The woman who accused former Tory MP Neil Hamilton and his wife Christine of rape has been found guilty of making up the incident.
Nadine Milroy-Sloan had denied perverting the course of justice
Trainee lecturer Nadine Milroy-Sloan, 29, from Grimsby, north Lincolnshire, was found guilty of two counts of perverting the course of justice by a jury at the Old Bailey.
The Hamiltons were arrested in 2001 after Milroy-Sloan told police she had been raped by them, 62-year-old Barry Lehaney and a man called Andrew in Mr Lehaney's flat in Ilford, Essex.
The Hamiltons were cleared of any involvement as was Mr Lehaney.
A court order freezing Milroy-Sloan's assets is still in place and she is due back in court on 13 June, for sentencing.
The Hamiltons said they were relieved by the verdict.
The whole thing has just been a grotesque charade but I'm delighted at last...justice has been done
Christine Hamilton told the BBC: "We've known right from the start what she said was a pack of lies.
"The whole thing has just been a grotesque charade but I'm delighted at last, over two years after she made the original allegations, justice has been done."
She called for a change in the law to preserve the anonymity of those accused of rape.
"What she has done to genuine rape victims is appalling because every time someone like her cries wolf, it makes it much more difficult for a genuine victim to be heard and believed," she said.
Referring to Milroy-Sloan's meeting with publicist Max Clifford, she said: "The girl is clearly bad, mad and dangerous to know.
"What is the motive of anyone who sees Max Clifford before she makes an allegation of rape?"
Neil Hamilton said he hoped the judge would hand down a substantial sentence.
"If there isn't a deterrent sentence it will be a green light to other little gold-diggers to try and make a fast buck out of selling their stories to newspapers," he said.
He said he had no idea why she picked them, although he thinks her motive was money.
And he said their policy of facing the media to explain the details of the allegations was vindicated by the verdict.
Mr Clifford told BBC News he had told Ms Milroy-Sloan she had insufficient proof and he accused the Hamiltons of "paranoia" for blaming him.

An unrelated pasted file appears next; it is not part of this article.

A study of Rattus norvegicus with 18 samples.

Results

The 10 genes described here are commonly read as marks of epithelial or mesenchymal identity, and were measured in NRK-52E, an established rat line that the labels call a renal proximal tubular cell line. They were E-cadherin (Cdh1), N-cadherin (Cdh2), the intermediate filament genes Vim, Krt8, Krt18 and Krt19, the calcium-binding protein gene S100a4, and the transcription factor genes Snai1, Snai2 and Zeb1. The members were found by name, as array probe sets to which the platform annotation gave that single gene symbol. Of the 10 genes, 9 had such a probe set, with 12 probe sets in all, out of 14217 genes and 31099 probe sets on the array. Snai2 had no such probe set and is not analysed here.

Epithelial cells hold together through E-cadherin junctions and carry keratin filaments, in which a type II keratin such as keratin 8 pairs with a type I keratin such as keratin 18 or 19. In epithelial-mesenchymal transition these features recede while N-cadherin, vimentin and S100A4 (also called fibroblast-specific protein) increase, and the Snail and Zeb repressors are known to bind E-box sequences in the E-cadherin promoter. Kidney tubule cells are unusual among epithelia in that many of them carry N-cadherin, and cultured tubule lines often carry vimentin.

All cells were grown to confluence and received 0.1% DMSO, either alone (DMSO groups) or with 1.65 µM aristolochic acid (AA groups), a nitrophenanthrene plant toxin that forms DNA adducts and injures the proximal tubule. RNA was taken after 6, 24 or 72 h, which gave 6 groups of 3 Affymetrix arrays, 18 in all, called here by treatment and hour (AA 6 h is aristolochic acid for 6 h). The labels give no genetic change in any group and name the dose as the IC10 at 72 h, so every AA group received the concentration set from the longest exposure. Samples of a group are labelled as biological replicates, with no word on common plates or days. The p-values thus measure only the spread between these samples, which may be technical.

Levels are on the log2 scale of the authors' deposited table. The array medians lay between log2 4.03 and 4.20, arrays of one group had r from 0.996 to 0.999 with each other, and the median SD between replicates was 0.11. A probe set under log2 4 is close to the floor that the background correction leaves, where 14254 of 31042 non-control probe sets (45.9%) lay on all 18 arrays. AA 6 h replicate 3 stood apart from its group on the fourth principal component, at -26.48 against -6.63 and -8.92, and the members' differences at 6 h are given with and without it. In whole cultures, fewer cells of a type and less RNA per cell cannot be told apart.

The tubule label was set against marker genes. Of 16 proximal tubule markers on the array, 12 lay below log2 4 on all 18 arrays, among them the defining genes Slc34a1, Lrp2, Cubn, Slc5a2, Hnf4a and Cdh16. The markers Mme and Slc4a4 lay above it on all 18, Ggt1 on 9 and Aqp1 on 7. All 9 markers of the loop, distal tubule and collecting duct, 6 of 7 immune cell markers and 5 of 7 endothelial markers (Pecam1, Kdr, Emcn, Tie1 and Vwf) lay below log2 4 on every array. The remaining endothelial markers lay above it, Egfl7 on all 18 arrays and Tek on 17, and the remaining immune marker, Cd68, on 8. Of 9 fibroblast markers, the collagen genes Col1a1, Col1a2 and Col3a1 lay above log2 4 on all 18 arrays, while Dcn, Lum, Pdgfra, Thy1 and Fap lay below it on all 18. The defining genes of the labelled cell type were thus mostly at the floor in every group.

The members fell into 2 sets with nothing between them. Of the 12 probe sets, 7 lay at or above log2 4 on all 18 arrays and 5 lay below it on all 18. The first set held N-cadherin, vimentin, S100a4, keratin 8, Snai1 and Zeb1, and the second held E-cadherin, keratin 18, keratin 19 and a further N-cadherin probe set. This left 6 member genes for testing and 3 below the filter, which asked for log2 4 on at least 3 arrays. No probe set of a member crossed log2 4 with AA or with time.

He said: "It was a police matter. The police investigated this and arrested them. Nothing to do with Max Clifford."
Commander Alan Brown, of the Met Police, said: "Following a thorough investigation in this case, we found no evidence that supported Milroy-Sloan's claims.
"False allegations to police waste valuable police resources and should therefore be treated very seriously."
If we had been prosecuted and found guilty, then we could have been sent to prison for seven years
The court heard how Milroy-Sloan invented a "fantasy" story for fame and financial reward.
She originally visited Mr Clifford on 2 May 2001, alleging she had been raped by the Hamiltons, who wanted to recruit her as a prostitute.
Mr Clifford told her she should go to the police if she had evidence.
Three days later she contacted police in Peckham saying she had been raped by a couple called Joan and James, who she later identified as the Hamiltons.
She then sold her story for £50,000 to a Sunday newspaper in which she waived her right to anonymity, saying she wanted to "stand up and be counted".
Max Clifford denied encouraging the allegations
But in court the mother-of-four apologised to the Hamiltons, saying she now accepted she could have made a mistake.
Prosecution barrister, Orlando Pownall QC, told the jury: "Having heard all the evidence you may well consider that the defendant suffers from a personality disorder."
In December 2001 Milroy-Sloan pleaded guilty at Grimsby magistrates court to assaulting a woman outside a kebab shop in Cleethorpes.
The jury was told she had four previous convictions in total, but none of a sexual nature.